Guilty Pleasure.

One of my new found guilty pleasures is creating content on the 8 Black Hands Podcast (@8blackhands1 on twitter). Each of us has our own strengths, and we all push each other to explore areas that need attention. Hanging out with these guys helps me to be more reflective in my practice. Our ability to put complex issues under a microscope while being realistic about outcomes and expectations is unrivaled.

I genuinely enjoy kicking it with the 8 Black Hands. We are a talented group of individuals who strive to improve educational outcomes for the 8 million plus Black students in pursuit of quality educational choices. Together we form the 8 Black Hands. In order to get to know us better, I’m attaching individual episodes we did to highlight each other’s work.


Ray is just Ray (@Mr_Ankrum on Twitter), and because writing in the third person is pompous and obnoxious, I’ll end here.


Dr. Cole III (@CColeiii on Twitter) is my nemesis on the show. However, in real life, Cole is one of the most thoughtful people I know. Facing constant critique from all different podcast angles, I have never seen a more self-reflective person. Cole cares about his community, like no one I have witnessed. The selfless doc will give you the shirt off his back and put himself on the line to help others. As a young CEO, board member of a non-profit, speaker, and creator, Dr. Cole III is a fantastic talent. I’m glad he’s a part of The Hands.


Sharif (@selmekki on Twitter) is so zen and chill, it’s pretty funny. Nothing bothers Rif, but if you want to rile him up, talk about Black kids in a deficit thinking kind of way, and he transforms. As a former public school teacher and administrator, and a former charter school administrator, Rif provides a unique perspective on schools. His current work focuses on educational justice, including improving teaching in schools, and focusing on diversifying the teacher workforce with an emphasis on finding ways to increase the number of Black men who are leading America’s classrooms (currently, only 2% of teachers are Black men). You will see Mr. El-Mekki on billboards, at half-time ceremonies at Sixers games, on viral videos, etc.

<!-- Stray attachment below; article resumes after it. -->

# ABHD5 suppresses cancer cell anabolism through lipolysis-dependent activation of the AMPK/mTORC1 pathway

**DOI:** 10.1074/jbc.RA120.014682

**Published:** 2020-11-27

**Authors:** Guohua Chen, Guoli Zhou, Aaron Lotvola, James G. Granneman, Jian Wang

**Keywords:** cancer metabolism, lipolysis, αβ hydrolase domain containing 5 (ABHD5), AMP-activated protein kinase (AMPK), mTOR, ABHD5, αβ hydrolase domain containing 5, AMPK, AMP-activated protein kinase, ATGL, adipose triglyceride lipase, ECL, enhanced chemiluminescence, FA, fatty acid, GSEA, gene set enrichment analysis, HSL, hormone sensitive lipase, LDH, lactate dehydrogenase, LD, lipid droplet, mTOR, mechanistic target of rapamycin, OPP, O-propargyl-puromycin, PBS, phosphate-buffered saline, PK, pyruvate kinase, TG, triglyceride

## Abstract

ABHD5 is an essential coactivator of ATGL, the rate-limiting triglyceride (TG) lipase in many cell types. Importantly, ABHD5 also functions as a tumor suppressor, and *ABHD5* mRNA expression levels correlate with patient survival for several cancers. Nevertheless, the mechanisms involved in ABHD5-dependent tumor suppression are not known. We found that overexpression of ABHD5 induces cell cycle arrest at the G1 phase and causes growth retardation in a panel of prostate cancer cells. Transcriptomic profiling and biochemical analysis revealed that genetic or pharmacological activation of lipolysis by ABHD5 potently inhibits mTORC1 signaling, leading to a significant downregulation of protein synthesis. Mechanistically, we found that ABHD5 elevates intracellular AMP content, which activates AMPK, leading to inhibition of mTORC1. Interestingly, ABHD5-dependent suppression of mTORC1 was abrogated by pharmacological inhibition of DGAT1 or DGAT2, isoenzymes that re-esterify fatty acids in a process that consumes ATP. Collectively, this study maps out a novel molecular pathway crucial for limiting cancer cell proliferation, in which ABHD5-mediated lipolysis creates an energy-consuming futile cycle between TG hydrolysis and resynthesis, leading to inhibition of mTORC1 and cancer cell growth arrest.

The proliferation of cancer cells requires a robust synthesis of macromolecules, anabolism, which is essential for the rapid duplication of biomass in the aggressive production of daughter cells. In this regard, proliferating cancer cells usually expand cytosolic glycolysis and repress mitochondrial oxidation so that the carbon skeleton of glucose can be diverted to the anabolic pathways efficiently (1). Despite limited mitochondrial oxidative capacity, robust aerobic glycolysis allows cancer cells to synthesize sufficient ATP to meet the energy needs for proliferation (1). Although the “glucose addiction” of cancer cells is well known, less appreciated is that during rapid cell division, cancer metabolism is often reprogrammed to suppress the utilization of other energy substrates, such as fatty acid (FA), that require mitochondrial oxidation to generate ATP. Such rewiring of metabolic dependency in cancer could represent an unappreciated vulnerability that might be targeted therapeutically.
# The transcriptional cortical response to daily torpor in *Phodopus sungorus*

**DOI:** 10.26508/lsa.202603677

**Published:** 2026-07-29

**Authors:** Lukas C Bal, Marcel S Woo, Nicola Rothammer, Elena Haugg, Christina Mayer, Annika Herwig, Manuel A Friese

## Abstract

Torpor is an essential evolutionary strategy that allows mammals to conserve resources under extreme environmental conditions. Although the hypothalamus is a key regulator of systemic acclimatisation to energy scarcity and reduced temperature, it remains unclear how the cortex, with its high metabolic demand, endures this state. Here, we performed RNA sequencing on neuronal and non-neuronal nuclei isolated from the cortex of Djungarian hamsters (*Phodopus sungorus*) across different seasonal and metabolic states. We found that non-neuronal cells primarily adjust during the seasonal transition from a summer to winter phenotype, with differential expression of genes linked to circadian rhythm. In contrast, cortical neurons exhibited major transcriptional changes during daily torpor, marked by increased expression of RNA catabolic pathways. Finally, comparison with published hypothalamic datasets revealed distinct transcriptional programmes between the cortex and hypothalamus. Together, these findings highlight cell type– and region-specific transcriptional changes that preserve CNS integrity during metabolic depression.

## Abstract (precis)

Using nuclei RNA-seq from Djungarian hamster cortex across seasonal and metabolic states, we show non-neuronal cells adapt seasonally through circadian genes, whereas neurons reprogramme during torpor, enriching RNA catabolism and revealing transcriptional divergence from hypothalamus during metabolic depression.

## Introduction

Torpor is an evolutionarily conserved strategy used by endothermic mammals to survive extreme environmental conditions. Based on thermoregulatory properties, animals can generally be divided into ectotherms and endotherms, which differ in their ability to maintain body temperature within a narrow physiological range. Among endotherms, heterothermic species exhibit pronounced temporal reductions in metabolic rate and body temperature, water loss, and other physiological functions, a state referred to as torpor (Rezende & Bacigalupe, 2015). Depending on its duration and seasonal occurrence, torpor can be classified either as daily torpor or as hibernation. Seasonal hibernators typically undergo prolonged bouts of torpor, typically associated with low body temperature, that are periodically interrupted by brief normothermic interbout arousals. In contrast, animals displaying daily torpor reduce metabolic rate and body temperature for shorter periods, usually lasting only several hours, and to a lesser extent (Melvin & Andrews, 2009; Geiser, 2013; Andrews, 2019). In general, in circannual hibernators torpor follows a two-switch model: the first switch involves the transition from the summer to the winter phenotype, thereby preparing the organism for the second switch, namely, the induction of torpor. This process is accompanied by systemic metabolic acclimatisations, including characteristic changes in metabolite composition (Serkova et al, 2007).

I’m glad he’s part of The Hands.


Breezy, aka @citizenstewart (on Twitter), aka Chris Stewart, is a visionary in his own right. Motivated by his horrible educational experiences, this brother changes the narrative for his family and many other families that advocate for school choice. Many misinterpret Breezy’s passion, when his focus is pretty simple: allow families to choose what schools are in the best interest of their children.

Chris does not come without controversy, so be warned he matches energy. Mr. Stewart is also a visionary and currently serves as the CEO of Brightbeam. Not only does this brother have a silver tongue, but his pen skills are also unrivaled.

I’m glad he’s part of The Hands.

Learn more about the 8 Black Hands.

Ray Ankrum is the current Superintendent of the Riverhead Charter School. Mr. Ankrum has gained notoriety as a school turnaround expert. He is enthusiastic about helping students from low (SES) find ways to end generational poverty through educational advocacy. If you believe PoC can end generational poverty by exercising educational opportunities, you have an ally in @Mr_Ankrum. Ankrum’s post was originally published on his blog page, Everybody Luvs Raymond’s Education Blog. View more posts from Ankrum.